Steve and Nancy Binks of Colwyn Bay – Conway, in the UK – set off with a trailer in 2012. This was not a typical vacation, however. The Binks had made it their mission to visit the grave of every serviceman from the Commonwealth that was killed in World War I – all 750,000 of them.
“We wanted to do something to commemorate the centenary of the Great War, something that no one else would think of doing,” said Steve, 58, a tour guide who has a lifelong passion for World War One.
“First we thought we’d just go and visit every cemetery on the Western Front, but I thought it sounded a bit like trainspotting – just going in, taking photographs to say we’ve been, and then walking away. We wanted to do something more inspirational so I thought, why not stop at every headstone, read it and say thank you to the soldier.”
There are nearly 2,000 burial sites all over France and Belgium, making for a monumental task. After four years, the couple have visited 766 cemeteries and have thanked 461,012 soldiers. Besides reading the names on every headstone, they recite the names on memorials to the missing soldiers whose whereabouts are unknown.
“Most people don’t quite understand the level of detail and work that’s involved,” said Steve. “Some of the larger cemeteries took six-and-a-half days just to walk to the headstones because I make sure I stop, turn, and read each one. The huge Memorial to the Missing of the Somme in Thiepval has been our biggest challenge so far. The sheer scale of trying to read 72,500 names with your neck stretched back, in an arch, with a cold wind blowing – it was impossible to do it in a week or two. We had to keep returning to it over a six month period and keep chipping away, saying thank you to every soldier.”
Nancy has multiple sclerosis, making it impossible for her to walk down every road in every cemetery. “I like to sit down and read the cemetery register,” she said. “I pick out the brothers; I find out the ages of the men and if they were awarded any medals. It’s such interesting reading.”
The couple splits their time between north Wales and the continent. They work chronologically. So far, they have visited graveyards with casualties from the first three years of the war.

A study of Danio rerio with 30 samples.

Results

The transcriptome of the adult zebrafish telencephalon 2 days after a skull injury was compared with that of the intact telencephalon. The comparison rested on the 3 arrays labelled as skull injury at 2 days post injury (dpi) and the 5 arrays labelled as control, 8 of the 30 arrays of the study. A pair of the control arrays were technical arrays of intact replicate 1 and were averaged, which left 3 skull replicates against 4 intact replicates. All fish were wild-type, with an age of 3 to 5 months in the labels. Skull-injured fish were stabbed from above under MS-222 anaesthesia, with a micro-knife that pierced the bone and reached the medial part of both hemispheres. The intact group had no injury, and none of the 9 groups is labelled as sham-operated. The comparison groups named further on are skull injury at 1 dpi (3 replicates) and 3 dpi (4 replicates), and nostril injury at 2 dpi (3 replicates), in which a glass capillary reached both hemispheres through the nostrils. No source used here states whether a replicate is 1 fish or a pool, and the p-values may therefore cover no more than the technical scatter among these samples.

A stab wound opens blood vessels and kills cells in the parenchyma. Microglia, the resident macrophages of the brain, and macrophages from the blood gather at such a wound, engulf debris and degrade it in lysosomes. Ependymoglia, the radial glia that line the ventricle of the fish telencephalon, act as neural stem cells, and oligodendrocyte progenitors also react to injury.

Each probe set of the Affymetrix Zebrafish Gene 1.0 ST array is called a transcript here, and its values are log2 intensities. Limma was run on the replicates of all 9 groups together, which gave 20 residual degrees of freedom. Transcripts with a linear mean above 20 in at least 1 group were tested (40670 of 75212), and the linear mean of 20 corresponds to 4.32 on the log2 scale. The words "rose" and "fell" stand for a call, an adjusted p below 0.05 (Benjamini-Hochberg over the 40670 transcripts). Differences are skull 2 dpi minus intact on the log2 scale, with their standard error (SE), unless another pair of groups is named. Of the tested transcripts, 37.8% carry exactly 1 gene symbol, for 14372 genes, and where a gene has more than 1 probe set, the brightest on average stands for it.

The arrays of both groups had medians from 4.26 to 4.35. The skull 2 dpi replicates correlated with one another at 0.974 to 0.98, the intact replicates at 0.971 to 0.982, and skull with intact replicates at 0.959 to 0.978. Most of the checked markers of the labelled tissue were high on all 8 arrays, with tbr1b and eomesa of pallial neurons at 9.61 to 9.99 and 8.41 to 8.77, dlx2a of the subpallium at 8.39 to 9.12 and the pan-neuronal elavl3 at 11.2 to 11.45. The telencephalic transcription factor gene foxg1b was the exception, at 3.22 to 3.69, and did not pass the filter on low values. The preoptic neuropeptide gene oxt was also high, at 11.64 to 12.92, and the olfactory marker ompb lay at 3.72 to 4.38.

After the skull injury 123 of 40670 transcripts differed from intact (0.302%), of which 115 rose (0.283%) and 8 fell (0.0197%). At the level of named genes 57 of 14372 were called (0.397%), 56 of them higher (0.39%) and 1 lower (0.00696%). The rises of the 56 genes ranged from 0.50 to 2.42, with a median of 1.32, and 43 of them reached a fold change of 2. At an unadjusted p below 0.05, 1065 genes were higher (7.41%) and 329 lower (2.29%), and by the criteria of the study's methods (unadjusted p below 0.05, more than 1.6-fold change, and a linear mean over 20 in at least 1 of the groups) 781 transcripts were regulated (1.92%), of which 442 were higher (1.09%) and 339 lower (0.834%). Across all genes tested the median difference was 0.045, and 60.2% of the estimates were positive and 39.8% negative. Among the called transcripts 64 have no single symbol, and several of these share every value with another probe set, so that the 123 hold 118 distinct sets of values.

The Binks keep written record of their trips. “We have 10 volumes of journals from day one,” added Steve. “We write down our thoughts and feelings about the trips, about some of the soldiers we’ve stumbled across, and about some of the cemeteries that no one has been to from a very long time. We take photos of anything that’s been left on a headstone. and where there’s a photo of a soldier on a headstone we photograph that as well. We were in one of the Somme cemeteries from 1915 and there was a letter and a pair of socks left on a grave. It was the soldier’s last letter home and he’d asked for a pair of socks so someone had left some there for him.”
It seems inevitable that certain graves attract more attention at cemeteries. For example, the most popular grave at Lijssenthoek in Belgium is Nellie Spindler’s. She was a nurse. The Binks aim to treat all servicemen and women equally.
“We try not to elevate anyone above anyone else, even my own relatives,” said Steve, who lost two great uncles in the war. “A captain or a private – to us, it’s irrelevant. Every one deserves to be remembered and every one deserves to be thanked.”
The project – named “Some Kind Hand” by the Binks – leaves little time in their lives for anything else. “It’s more than an interest,” said Steve. “It’s more than a passion, even. At the moment, it’s our life.”
“Some people do think we’re a bit mad,” added Nancy, “but I find it therapeutic. When I’m at home, it’s all about MS, but when I’m in France or Belgium, I get involved with everything and the MS takes a back seat. I’d rather be there, with the soldiers.”